By Bethsheba Achitsa
Published September 4, 2009
Though art may be in the school curriculum, it is not given much respect when placed alongside other subjects. It is under-emphasised and underestimated. Being both a form of communication and means of expression, art ought to permeate the whole curriculum because a society that neglects art is dangerously sick.
Readings in Primary Art Education, a book edited by Steve Herne, Sue Cox and Robert Watts, sheds light on why many people tend to have low opinions about the arts.
Though Art is regarded as an occupation which interests children, keeps them busy and sometimes mildly therapeutic, it is unfortunate that when it comes to the basic purpose of schooling–transmitting skills–art is normally regarded as ‘non serious.’ For it is thought to have only one function: to provide opportunities for children to express themselves.
Though the range of the curriculum may be diverse, not all the subjects are treated equally. Mathematics and English have become the titans of the primary curriculum, towering above all the other subjects and leaving subjects like history, geography, design, technology, art, music and Physical Education sidelined.
Despite the importance placed on art in primary schools, art has often been and is subservient to other aspects of the curriculum; more seriously, most art teachers lack an adequate philosophy of art education. Lack of structured guidance has meant that the arts are often witnessed as one-off affairs. Teachers lack the enthusiasm to teach the subject leading to students learning theories.
With many subjects in the national curriculum jostling for time and art being considered a foundation subject, it is always allocated time in the afternoon. As a result many children are usually tired in the afternoons so art becomes a relaxation, as they are never at their best when doing it.
Many people–art teachers, parents or any other person who should enable children see art in a different manner–have misconstrued facts that artists are born and not made thus proper art is only produced by proper artists. This notion and other restrictions placed upon young children has resulted into the withdrawal of children from participating in art activities as a result their sense of self artists withers in their emerging identity as learners in the school contexts.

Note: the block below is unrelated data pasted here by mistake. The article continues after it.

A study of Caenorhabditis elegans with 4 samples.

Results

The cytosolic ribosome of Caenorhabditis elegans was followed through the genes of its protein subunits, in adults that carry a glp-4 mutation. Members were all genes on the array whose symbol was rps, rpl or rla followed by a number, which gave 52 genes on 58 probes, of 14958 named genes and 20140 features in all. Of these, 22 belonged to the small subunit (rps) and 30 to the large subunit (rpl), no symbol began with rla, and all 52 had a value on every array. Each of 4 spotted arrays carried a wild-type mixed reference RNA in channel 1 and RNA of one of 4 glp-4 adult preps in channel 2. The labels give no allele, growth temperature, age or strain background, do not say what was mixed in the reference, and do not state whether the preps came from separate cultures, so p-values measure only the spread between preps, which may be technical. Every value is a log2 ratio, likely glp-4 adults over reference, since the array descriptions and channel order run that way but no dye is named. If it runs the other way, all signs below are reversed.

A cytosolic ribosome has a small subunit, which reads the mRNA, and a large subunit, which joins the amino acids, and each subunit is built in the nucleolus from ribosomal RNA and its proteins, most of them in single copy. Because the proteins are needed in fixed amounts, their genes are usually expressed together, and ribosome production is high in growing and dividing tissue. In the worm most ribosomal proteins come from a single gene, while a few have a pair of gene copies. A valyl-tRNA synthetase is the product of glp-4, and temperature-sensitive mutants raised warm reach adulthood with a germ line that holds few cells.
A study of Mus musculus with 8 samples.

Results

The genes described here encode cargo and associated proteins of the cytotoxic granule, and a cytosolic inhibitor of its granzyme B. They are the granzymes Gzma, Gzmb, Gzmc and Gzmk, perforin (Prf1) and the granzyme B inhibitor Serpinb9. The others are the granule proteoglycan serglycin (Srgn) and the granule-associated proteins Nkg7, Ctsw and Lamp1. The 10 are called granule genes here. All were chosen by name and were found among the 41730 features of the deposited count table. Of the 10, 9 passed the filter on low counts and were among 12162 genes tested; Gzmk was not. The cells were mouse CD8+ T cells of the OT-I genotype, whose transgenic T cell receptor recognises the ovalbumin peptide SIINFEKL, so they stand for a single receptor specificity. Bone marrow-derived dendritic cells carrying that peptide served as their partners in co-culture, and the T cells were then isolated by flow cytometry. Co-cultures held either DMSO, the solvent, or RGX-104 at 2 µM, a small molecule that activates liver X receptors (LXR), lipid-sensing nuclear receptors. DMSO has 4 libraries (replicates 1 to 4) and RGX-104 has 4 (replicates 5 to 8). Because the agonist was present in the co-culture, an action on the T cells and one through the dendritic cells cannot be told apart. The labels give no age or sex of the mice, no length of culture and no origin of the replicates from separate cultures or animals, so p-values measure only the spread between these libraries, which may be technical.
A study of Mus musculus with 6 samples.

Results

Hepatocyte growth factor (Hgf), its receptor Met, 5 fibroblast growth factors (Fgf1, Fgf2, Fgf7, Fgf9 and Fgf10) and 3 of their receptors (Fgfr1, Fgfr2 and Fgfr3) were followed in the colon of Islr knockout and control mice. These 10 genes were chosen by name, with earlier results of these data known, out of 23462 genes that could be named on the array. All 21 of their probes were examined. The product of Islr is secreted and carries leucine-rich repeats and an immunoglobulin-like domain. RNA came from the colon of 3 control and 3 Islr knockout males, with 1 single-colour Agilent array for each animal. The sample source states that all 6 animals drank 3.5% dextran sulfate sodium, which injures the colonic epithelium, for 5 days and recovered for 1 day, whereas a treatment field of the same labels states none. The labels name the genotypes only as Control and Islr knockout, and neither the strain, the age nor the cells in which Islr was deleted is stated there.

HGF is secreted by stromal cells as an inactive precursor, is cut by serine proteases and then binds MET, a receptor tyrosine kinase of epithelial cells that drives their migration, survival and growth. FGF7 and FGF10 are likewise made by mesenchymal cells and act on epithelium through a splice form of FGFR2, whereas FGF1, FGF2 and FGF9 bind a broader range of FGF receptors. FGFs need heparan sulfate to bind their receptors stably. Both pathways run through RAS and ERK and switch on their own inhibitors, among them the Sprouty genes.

One of the difficult issues to deal with is sex and sexuality. Obscene language presents a similar problem that is thought a more difficult issue with younger children. Thus most parental views are always conflicting and limiting especially with regard to work that may appear sexually explicit. And unless parents are ready to accommodate contemporary art practices art will still be faced by more resistance as parents may only approve the participation of their children in art projects that are deemed to be of success.
The book brings together a selection of the most significant and informative papers on primary art education. As a collection it captures key moments in the development and practice of the subject and will inform readers who wish to reflect on and evaluate art and design education in schools. The authors explore paradigms that have conceptualized and theorized the arts. Postscripts are included in some of the chapters which identify further readings and in some cases contain new commentaries from the original authors reflecting the shifts that have recently been observed in teaching the subject.
At a cost of US$40 per copy, this book is invaluable to reflective practitioners who wish to develop their art and design teaching, students embarking on education teaching courses as this will support their tutorial thinking and evaluation of their classroom practice and above all it may be of importance as a source of reference for researchers in the fields of art as it is to policy makers, artists and art teachers.